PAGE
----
India needs at least 400 airports and 3,000 aircraft in the next 10 years to keep pace with growing demand, Union civil aviation minister Praful Patel said at Hyderabad on Wednesday, reports PTI.
He said as the aviation industry has been growing at 18% compounded annual growth rate (CAGR), the country needs up to 3,000 aircraft in the next ten years. He also underscored the need for making air travel safer and more secure.
"Our job is not over by creating infrastructure for (the) aviation industry to grow. We need safe and secure aviation. Indian aviation will not grow at the cost of safety and security," the minister said during the inauguration of India Aviation-2010, a five-day exhibition and conference on international aviation that began today.
He said that the bidding process for the Navi Mumbai airport is expected to be completed in a year.
Separately, American ambassador to the country Timothy J Roemer said that the US would partner public and private sectors to support and modernise the Indian aviation sector.
"The USA would work with Indian public and private sector partners to create economic opportunities and jobs in both the countries. US companies participating in the show are ready to partner India for its goal of modernising and upgrading airports, improving air-traffic flow and making it a regional aviation hub," he said.
Mr Roemer was speaking after the inauguration of the US Pavilion at the 'India Aviation-2010'.
He advised the US business community to seize every opportunity during the event to facilitate greater co-operation between the two countries in the sector.
The US is under special focus during 'Indian Aviation- 2010' and it was the official partner for the previous edition of the event.
From 3rd March onwards, PayPal will allow new bank withdrawals for its customers in India after receiving a 'Purpose Code' for the transaction
Electronic payment gateway PayPal has said that it would allow new bank withdrawals for its customers in India after receiving a 'Purpose Code' for the transaction.
In his blog, PayPal's business head for Asia-Pacific, Farhad Irani said, “When you select the ‘Withdraw Funds’ option on your PayPal account after 3rd March, we will ask you to fill out a new field entitled ‘Purpose Code’. This information is required under the laws of India in order to identify the nature of cross-border merchant transactions."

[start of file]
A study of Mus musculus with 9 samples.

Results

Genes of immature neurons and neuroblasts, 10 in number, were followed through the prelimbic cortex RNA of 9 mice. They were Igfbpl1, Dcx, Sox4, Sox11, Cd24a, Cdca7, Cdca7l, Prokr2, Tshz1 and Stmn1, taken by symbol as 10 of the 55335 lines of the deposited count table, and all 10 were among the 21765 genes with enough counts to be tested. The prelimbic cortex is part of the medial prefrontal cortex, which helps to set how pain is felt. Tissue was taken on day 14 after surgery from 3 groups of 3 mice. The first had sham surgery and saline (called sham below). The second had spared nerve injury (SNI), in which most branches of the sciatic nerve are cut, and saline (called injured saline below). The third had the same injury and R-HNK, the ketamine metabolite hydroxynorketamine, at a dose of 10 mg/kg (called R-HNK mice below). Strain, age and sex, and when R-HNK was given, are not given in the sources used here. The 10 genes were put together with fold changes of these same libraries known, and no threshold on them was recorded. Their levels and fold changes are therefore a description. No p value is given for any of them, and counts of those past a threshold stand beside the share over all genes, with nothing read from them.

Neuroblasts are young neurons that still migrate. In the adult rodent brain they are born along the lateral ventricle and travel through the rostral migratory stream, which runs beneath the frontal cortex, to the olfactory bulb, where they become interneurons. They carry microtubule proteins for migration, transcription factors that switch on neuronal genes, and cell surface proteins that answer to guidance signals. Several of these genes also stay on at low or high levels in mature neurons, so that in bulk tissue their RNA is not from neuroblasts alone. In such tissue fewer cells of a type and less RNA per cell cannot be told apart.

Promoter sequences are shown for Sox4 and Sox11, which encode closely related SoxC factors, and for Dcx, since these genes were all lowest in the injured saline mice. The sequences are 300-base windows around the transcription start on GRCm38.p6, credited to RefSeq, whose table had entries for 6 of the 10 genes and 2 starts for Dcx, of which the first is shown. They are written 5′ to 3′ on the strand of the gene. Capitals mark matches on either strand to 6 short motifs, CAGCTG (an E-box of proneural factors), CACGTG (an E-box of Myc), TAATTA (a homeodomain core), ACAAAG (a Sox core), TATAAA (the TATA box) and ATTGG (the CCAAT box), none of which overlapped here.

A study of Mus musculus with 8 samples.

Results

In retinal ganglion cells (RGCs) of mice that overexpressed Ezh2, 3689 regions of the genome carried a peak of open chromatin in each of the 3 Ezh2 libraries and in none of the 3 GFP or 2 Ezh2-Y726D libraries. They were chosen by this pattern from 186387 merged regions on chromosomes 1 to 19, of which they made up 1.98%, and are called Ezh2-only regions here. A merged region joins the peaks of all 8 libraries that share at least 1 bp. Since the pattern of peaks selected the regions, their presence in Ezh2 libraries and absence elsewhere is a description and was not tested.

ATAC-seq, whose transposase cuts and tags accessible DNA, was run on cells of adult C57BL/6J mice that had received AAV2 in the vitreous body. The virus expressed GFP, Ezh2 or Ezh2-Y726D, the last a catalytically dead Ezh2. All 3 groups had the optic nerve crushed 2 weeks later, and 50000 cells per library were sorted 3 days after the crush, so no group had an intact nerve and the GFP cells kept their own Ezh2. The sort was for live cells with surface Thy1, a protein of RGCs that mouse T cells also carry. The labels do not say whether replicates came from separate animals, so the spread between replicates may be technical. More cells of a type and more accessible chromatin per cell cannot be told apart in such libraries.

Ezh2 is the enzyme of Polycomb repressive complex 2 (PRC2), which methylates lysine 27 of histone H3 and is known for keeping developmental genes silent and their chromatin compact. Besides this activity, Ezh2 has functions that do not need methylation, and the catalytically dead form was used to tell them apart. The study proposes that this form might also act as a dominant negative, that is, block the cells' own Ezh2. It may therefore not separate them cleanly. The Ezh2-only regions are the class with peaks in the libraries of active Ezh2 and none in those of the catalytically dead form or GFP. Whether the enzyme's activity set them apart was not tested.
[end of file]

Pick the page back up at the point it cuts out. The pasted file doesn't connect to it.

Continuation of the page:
Mr Irani also clarified that Indian users will no longer be able to receive personal payments. Customers of Indian PayPal users will have three options for making any payment such as using the pay for purchases (goods or services) tab, completing PayPal checkout at the user's website and responding to PayPal “Request Money” instructions (invoices). However, for each payment, transaction users will have to provide a purpose code for the transaction.
The purpose code will help banks in India to furnish information required by the Reserve Bank of India to identify the nature of cross-border transactions, Mr Irani said.
He also said that according to Indian law, based on the value of withdrawal and the purpose code in the Indian customer's declaration, banks may require him/her to provide documentary proof such as invoices or goods receipt forms as applicable to reconcile with withdrawal.
Here is the list of purpose codes for Indian users of PayPal:
Freight volumes are up 3%, however, passenger yields are still 15% below peak levels and IATA expects losses for 2010 could be $5.60 billion
Airlines have started witnessing improvement in demand, but instead of profits they might register losses to the tune of $5.60 billion this year, the latest International Air Transport Association (IATA) report has said.
"The 3% increase in freight volumes from December to January is particularly encouraging. We can start to see the future with some cautious optimism. But better volumes do not necessarily mean better profits. Passenger yields are still 15% below peak levels and we expect 2010 losses to be at $5.60 billion," IATA director-general and chief executive Giovanni Bisignani said in a statement.
IATA has also said that demand for international scheduled air traffic has showed improvement in January this year. January passenger demand was up 6.4%, while a 1.2% increase in capacity pushed load factor to 75.9% compared to last year, it said.
International cargo demand showed a 28.3% improvement with a 3.7% increase in capacity, pushing load factor to 49.6%, which is a significant change from 40.1% recorded in January 2009.
The year-on-year increases reflect a steady improvement from the precipitous fall in demand that characterised the early part of 2009, rather than merely a dramatic improvement in the month this year, the report said.
However, demand must improve by a further 2% to return to the peak levels of early 2008, IATA said. But improvements are also geography-based, the report added.
The best signs of improvement have been seen in markets with strongest economic recovery like Asia, Latin America and the Middle East.
Asia-Pacific carriers experienced 6.5% increase in demand compared to the previous year. The region, which is leading the global economic recovery, has realised 31% demand improvement, while those in North America and Europe saw it increase by 2.1% and 3.1%, respectively.
Middle Eastern carriers grew throughout the recession with growth accelerating to 23.6% in January, IATA said.